Microsoft has lost the smartphone wars, but the company can't seem to admit that to itself just yet. The new Lumia devices announced Oct. 6 are compelling in their design and powerful features. Sadly, no one will buy them and Microsoft's efforts to compete against Apple and Google have largely gone to waste.
Windows Phone holds onto a barely-there 3% of the smartphone market, with Apple's iOS at about 14% and Google's Android at about 83%. Microsoft may have convinced 110 million people to install Windows 10 on their PCs, but Google has 1.5 billion daily Android users in its pocket.
The Lumia 950 and Lumia 950 XL are truly nice smartphones. Microsoft did a great job pairing good-looking hardware with the right set of specs when those are compared to flagships from Samsung, LG, and Apple.
Screen size is the biggest differentiator between the two. The 950 has a 5.2-inch quad HD screen and the XL has a 5.7-inch quad HD screen. (That's the same size/resolution as Samsung's Galaxy S6 and Note 5, respectively.) The 950 relies on a hexa-core Snapdragon 808 processor, while the XL uses an octa-core Snapdragon 810. As expected, the XL has a larger battery at 3,340mAh compared to the 950's 3,000mAh power cell.
Beyond these specs, most aspects of the phones are the same.
They share 20-megapixel main cameras, 5-megapixel front cameras, exchangeable rear covers, standard sensors and wireless networks, 32GB of storage with memory card support, and of course the Windows 10 Mobile operating system. Windows 10 Mobile's killer feature is called Continuum, and -- wait for it -- it turns the phone into a full PC. (Anyone remember PocketPC?)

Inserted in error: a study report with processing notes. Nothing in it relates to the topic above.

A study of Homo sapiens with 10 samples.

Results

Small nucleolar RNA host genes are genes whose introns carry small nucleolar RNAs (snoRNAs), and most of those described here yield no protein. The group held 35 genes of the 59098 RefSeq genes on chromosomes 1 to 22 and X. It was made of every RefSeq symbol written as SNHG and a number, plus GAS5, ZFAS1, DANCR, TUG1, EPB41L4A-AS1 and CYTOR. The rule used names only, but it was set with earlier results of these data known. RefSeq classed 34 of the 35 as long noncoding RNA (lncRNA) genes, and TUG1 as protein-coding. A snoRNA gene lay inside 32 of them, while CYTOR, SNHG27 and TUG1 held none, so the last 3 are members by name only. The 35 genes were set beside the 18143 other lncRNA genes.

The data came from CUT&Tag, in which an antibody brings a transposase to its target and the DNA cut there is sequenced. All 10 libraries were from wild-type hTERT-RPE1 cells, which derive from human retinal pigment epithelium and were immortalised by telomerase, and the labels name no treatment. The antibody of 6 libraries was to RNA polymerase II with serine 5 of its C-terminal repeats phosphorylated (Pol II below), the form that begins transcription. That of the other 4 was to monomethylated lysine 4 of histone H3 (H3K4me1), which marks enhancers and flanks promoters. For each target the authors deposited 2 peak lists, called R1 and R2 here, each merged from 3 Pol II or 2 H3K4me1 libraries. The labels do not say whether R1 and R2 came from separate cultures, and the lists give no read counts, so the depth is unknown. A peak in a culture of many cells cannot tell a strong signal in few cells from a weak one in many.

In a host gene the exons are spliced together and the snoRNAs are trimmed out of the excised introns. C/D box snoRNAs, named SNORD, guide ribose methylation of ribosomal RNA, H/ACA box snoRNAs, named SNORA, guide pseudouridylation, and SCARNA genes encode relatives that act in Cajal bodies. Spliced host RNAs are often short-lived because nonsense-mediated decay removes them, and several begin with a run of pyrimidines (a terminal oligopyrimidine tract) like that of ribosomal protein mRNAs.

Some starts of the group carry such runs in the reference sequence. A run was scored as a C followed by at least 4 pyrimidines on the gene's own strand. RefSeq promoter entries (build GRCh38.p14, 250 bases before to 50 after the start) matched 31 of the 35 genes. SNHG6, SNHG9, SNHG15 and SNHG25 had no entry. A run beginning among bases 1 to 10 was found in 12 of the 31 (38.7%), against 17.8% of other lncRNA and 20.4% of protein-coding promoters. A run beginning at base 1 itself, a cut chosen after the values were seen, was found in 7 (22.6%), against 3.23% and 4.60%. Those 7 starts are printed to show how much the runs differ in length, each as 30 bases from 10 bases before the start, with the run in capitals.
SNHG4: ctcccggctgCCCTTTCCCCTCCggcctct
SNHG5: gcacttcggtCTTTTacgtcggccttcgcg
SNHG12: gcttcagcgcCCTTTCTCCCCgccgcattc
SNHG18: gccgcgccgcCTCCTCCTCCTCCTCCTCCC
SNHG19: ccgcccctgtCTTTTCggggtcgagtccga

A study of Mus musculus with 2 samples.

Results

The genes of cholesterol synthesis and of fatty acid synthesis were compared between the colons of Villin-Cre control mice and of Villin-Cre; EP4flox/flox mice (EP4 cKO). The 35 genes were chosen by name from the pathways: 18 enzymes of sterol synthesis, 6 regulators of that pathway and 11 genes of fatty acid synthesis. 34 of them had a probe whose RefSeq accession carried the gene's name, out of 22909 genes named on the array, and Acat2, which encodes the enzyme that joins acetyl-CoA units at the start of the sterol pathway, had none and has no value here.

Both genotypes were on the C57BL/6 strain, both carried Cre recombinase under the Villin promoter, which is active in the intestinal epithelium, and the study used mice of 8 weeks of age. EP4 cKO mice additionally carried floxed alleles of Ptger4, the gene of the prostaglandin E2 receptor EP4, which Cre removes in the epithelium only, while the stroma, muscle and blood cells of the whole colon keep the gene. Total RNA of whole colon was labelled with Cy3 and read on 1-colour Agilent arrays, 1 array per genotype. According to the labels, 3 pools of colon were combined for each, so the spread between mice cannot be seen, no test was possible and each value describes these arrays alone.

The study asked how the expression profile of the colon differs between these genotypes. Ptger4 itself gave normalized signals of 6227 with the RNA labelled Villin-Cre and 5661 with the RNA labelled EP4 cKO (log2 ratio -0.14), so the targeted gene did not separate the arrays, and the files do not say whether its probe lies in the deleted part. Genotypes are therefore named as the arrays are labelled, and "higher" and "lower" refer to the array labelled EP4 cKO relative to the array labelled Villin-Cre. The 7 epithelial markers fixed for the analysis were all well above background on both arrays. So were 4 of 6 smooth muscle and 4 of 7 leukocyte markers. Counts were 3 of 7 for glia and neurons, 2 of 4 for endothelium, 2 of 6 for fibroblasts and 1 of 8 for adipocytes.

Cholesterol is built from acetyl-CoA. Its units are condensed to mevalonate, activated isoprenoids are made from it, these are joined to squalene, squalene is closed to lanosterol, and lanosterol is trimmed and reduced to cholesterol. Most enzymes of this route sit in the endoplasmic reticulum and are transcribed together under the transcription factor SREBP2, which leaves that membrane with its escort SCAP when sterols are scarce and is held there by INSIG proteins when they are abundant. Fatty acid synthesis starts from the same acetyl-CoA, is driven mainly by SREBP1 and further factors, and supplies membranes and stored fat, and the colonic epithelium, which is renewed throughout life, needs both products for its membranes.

Put them up against any of their Android or iOS rivals, and the Lumia 950 and 950 XL will hold their own, at least from a hardware perspective.
So what's the problem? Microsoft's retail strategy -- or lack thereof.
The Lumia 950 and 950 XL will go on sale in November, hopefully before the holiday shopping season kicks into high gear. You won't find them in stores. AT&T is the only US carrier to voice any support for these phones, and so far it is only committing to the smaller Lumia 950. Not a single carrier has said it will sell the larger XL. Without any shelf space in Sprint, T-Mobile, and Verizon shops, the 950 and 950 XL hardly have a chance at all. The vast majority of smartphone shoppers in the US buy their phones at carrier-run stores. If they're not in stores, the 950 and 950 XL will have almost zero visibility with consumers. (Microsoft plans to sell the phones directly to people via its website, too.)
The Lumia 950 and 950 XL will face the same challenges in front of Google's Nexus 6P and 5X: Fans of the platform will seek them out, but regular people will ignore them completely.
How, then, does Microsoft plan to sell these phones? Microsoft talked about enterprise hardware packages that include a Surface Book or Surface 4 Pro and the Lumia 950/XL. It is banking on IT departments to support its larger hardware strategy and include handsets almost as an afterthought.
The Lumia 950 and 950 XL are solid smartphones that will surely make their owners happy. Without carrier support, however, they may be the last we see from Redmond.